Lardy cake is a type of baked bread originally from the country of England, specifically in the county of Wiltshire. It belongs to the category of yeasted bread, as it contains yeast to make the bread rise. The Lardy cake obtained its name from the fact that the bread uses lard as its primary fat and shortening, instead of the usual butter. The bread is also known by a variety of names, such as Fourses cake, Dough cake, and Lardy Johns.
It is said that the appearance of the Lardy cake can be dated as far back as the 19th century, and its production traditionally coincided with festivals of harvests. Many festivals such as these usually call for slaughtered pigs, and its different parts are eaten as bacon, ham, and as other long-lasting dishes. In order to avoid wastage, the pig’s fat is also rendered and turned into lard, which is then used to make the Lardy bread. Using lard was said to be a very economical substitute for butter, a more expensive shortening.
The Lardy cake was particularly common in some rural villages, as its other ingredients, such as seasonal dried fruits and spices, were already considered extravagant. The spices used would usually be nutmeg and cinnamon. The original Wiltshire variety of the bread contains dried currants, while the Gloucester variety includes raisins as well. In Oxford, the bread does not have any dried fruits. The Lardy bread became more popular because its richness — mainly from the lard — provided sufficient calories and energy to weary farmers, herders, and other laborers.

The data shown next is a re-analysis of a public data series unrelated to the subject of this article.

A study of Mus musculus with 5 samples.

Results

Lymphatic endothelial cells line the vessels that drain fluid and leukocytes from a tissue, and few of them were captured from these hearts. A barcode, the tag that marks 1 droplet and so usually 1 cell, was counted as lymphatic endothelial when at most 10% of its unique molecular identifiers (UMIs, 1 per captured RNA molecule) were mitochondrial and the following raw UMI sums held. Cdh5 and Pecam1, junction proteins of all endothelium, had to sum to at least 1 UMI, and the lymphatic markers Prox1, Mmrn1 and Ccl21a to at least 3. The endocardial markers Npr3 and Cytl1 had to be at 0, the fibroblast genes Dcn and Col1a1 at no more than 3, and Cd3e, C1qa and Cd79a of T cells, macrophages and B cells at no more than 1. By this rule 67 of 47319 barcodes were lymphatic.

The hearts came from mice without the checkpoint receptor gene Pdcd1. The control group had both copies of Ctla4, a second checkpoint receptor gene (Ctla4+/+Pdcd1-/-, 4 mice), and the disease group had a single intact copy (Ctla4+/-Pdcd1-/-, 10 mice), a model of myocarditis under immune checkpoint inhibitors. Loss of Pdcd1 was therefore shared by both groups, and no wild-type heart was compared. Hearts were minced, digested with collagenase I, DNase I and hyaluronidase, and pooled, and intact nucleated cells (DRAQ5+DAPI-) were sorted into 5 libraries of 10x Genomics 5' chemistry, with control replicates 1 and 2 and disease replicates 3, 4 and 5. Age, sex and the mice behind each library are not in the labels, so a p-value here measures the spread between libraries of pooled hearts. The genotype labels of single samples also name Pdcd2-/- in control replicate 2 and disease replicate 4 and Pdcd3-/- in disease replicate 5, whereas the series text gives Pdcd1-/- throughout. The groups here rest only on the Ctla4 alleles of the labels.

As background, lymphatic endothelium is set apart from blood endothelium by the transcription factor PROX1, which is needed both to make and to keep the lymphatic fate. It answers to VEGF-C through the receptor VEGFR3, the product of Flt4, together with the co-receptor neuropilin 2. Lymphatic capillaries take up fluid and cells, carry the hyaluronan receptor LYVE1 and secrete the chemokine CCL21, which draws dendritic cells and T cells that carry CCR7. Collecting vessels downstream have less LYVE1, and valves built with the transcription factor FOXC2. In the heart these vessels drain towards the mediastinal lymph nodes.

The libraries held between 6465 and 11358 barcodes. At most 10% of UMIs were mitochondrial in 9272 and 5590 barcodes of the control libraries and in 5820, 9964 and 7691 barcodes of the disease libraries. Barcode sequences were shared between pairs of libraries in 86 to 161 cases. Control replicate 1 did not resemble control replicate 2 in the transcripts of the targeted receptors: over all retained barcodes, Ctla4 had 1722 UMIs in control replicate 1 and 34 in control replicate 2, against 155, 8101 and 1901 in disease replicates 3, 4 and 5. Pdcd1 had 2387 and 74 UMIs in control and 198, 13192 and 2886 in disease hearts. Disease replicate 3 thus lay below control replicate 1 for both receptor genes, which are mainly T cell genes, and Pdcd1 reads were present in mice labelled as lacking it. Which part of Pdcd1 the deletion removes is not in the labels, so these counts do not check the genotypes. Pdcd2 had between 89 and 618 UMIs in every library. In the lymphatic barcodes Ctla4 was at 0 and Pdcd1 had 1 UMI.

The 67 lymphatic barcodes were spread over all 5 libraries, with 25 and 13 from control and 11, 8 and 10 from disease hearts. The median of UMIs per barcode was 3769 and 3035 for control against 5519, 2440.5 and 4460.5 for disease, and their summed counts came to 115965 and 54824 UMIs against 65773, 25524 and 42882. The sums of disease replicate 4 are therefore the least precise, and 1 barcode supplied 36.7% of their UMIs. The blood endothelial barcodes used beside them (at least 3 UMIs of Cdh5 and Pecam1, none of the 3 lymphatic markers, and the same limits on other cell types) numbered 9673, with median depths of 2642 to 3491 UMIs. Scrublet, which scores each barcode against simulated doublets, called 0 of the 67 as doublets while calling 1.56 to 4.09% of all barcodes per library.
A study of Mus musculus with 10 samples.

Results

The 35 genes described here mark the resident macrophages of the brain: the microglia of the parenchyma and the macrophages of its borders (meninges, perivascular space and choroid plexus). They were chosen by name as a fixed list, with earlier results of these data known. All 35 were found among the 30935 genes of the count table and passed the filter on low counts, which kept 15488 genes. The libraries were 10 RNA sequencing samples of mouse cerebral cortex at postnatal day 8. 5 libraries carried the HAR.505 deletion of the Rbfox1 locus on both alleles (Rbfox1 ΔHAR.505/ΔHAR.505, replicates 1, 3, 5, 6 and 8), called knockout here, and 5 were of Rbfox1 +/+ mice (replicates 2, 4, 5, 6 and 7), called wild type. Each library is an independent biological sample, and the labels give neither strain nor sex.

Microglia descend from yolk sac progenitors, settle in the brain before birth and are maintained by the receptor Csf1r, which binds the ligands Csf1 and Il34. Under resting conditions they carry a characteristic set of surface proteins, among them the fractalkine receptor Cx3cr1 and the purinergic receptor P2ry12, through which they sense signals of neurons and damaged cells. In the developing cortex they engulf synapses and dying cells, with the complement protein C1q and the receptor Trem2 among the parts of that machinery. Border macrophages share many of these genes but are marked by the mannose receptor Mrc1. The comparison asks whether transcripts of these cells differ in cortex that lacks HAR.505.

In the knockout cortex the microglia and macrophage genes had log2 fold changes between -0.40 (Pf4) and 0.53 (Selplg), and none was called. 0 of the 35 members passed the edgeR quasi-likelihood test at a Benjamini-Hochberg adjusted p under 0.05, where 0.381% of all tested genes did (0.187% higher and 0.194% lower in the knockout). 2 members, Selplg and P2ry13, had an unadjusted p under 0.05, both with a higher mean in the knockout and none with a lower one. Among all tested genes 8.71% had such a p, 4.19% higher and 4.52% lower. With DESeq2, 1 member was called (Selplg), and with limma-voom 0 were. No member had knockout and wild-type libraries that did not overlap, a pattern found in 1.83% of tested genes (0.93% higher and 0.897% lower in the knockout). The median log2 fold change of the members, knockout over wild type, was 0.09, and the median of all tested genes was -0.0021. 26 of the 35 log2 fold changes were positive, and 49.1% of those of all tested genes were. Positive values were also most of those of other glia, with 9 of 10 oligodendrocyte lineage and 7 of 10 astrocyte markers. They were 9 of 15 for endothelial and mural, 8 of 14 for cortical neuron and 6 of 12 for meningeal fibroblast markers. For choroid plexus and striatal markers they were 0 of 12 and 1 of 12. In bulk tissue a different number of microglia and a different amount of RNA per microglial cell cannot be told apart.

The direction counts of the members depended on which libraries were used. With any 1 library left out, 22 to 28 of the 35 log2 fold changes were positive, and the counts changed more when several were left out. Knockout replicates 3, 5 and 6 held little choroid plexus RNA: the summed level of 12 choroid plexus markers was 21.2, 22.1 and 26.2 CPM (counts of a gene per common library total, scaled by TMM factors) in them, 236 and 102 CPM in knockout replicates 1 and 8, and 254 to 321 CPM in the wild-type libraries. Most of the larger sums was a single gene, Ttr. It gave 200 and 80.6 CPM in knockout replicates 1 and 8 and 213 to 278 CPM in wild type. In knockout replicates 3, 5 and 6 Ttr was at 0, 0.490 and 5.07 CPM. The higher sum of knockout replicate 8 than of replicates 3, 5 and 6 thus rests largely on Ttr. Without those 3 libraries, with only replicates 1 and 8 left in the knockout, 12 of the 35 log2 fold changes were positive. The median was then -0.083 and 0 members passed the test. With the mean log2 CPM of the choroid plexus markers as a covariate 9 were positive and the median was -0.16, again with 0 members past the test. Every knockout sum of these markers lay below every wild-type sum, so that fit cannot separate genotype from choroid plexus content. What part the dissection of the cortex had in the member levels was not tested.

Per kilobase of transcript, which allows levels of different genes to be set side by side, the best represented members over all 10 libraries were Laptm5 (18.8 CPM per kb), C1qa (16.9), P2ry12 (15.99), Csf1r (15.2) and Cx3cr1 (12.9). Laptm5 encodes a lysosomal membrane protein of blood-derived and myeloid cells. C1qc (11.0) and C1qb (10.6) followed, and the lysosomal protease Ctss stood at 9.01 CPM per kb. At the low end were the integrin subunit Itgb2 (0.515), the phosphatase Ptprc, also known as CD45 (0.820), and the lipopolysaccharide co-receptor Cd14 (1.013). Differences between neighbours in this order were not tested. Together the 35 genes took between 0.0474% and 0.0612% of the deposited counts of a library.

Lard can be very fatty and can contain a lot of cholesterol, so modern-day Lardy cakes sometimes substitute a portion of the lard with some butter. Other common ingredients include sugar, salt, milk, and water. It is important that the water be warm, rather than lukewarm or cold, so that it reacts better with the yeast and effectively makes the bread rise.
The preparation of the Lardy cake is very similar to a puffed pastry, as rolling and folding is usually involved. After every roll, the dried fruit fillings are inserted, and the dough is folded. Bakers also recommend letting the dough rise to twice the size before putting it in the oven for the final baking. An egg brush can also be included in the process to make the top of the bread shiny and more appetizing. Some traditional recipes sometimes suggest that the Lardy cake be turned upside down right after pulling it out of the oven, making all the fat at the bottom of the pan go back inside the bread.